Managing People: Never Easy
I’m not a manager in terms of title but on a day-to-day basis at my job I am in charge of up to 10 freelancers. It’s a wonderful aspect of the job, I get to talk to them about the projects (proofreading and .html epub ‘fixing’), most of them are or were in the publishing program so we have a great deal in common and we’re all in the same boat: trying to get into the industry.
The opportunity is fantastic, and although the pay isn’t amazing most of the freelancers express a sincere excitement to the process and we always encourage teaching and expanding their knowledge in any way we can.
I like managing them, keeping in touch and answering questions. Why just yesterday I created a lengthy walk-through on how to create a TOC and meta TOC in Sigil for our epub’s and quit a few thanked me for the walk-through and have already started including it in their work. It’s is probably one of the best introductions to a management position I could imagine.
But with the sweet comes the sour. And when you manage people you have to manage the problems. It would be unprofessional and disrespectful to relay any specific issues but this morning I had to tell an employee to find new work. It was not fun and I did not like it in the least. But when managing people you have to do just that: manage them, and if they are unmanageable or not meeting the goals required it is best for you and them that it’s said and dealt with.
I at first went online looking up standard policy as in this profession there is a high turnover rate, most freelancers leaving us instead of the other way around. Standard policy was cold and cruel so I started approaching it my way, which was not clear, and probably misleading in some way. So I turned to my mother, who despite not being a ‘manager’ manages people everyday.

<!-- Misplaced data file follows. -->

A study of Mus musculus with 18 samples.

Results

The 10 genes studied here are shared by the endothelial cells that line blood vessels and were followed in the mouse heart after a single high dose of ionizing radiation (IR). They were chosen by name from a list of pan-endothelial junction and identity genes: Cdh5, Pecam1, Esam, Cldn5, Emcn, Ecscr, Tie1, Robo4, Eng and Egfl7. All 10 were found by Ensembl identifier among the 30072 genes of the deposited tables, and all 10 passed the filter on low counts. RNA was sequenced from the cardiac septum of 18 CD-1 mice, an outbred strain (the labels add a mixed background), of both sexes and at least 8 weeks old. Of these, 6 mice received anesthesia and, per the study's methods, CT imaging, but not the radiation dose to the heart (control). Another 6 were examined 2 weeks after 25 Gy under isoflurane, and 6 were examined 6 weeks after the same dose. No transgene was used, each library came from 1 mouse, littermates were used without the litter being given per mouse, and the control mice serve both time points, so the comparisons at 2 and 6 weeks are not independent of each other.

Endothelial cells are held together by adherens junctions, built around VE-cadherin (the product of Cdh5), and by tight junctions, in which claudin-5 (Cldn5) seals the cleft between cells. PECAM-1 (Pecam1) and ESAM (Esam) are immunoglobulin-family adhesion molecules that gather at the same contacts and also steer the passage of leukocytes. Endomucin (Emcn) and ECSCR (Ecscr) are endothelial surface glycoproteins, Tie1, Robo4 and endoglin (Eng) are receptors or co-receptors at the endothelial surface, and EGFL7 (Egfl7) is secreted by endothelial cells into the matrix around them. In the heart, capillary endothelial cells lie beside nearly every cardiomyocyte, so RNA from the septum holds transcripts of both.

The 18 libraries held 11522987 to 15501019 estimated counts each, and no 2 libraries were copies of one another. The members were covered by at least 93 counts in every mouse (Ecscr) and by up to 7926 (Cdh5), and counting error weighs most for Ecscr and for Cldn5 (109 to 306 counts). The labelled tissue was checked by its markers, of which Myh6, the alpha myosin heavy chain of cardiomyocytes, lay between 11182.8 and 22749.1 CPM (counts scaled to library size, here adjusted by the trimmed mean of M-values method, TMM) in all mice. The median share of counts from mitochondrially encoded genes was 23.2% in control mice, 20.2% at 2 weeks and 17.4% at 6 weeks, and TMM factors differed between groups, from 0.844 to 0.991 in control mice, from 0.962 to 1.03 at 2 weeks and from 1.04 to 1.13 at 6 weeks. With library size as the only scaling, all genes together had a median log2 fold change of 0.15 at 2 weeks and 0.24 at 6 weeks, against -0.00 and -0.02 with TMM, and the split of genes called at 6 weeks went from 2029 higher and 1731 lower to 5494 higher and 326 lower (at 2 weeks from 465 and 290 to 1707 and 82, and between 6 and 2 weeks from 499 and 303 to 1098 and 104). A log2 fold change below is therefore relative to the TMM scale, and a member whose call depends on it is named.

She helped. Helped me understand people don’t always need the traditional helping hand, that although kind I also need to be clear, firm and unwavering in my decision and that I should prepare for a bad reaction no matter how kind, clear, understanding and friendly I may be.
The message is delivered and I still don’t know how I feel. I’m not comfortable with the uncomfortable, and I expect the worst in all cases. But I did my job and that is why I am in this position.
I don’t have any real advice if you’re looking for it. I don’t know if I’ve been fair really, and even if I think I have the employee may not. All I do know is that managing people has it’s up and downs, and someone has to look out for everyone even if it means they are the ones to say the hard things.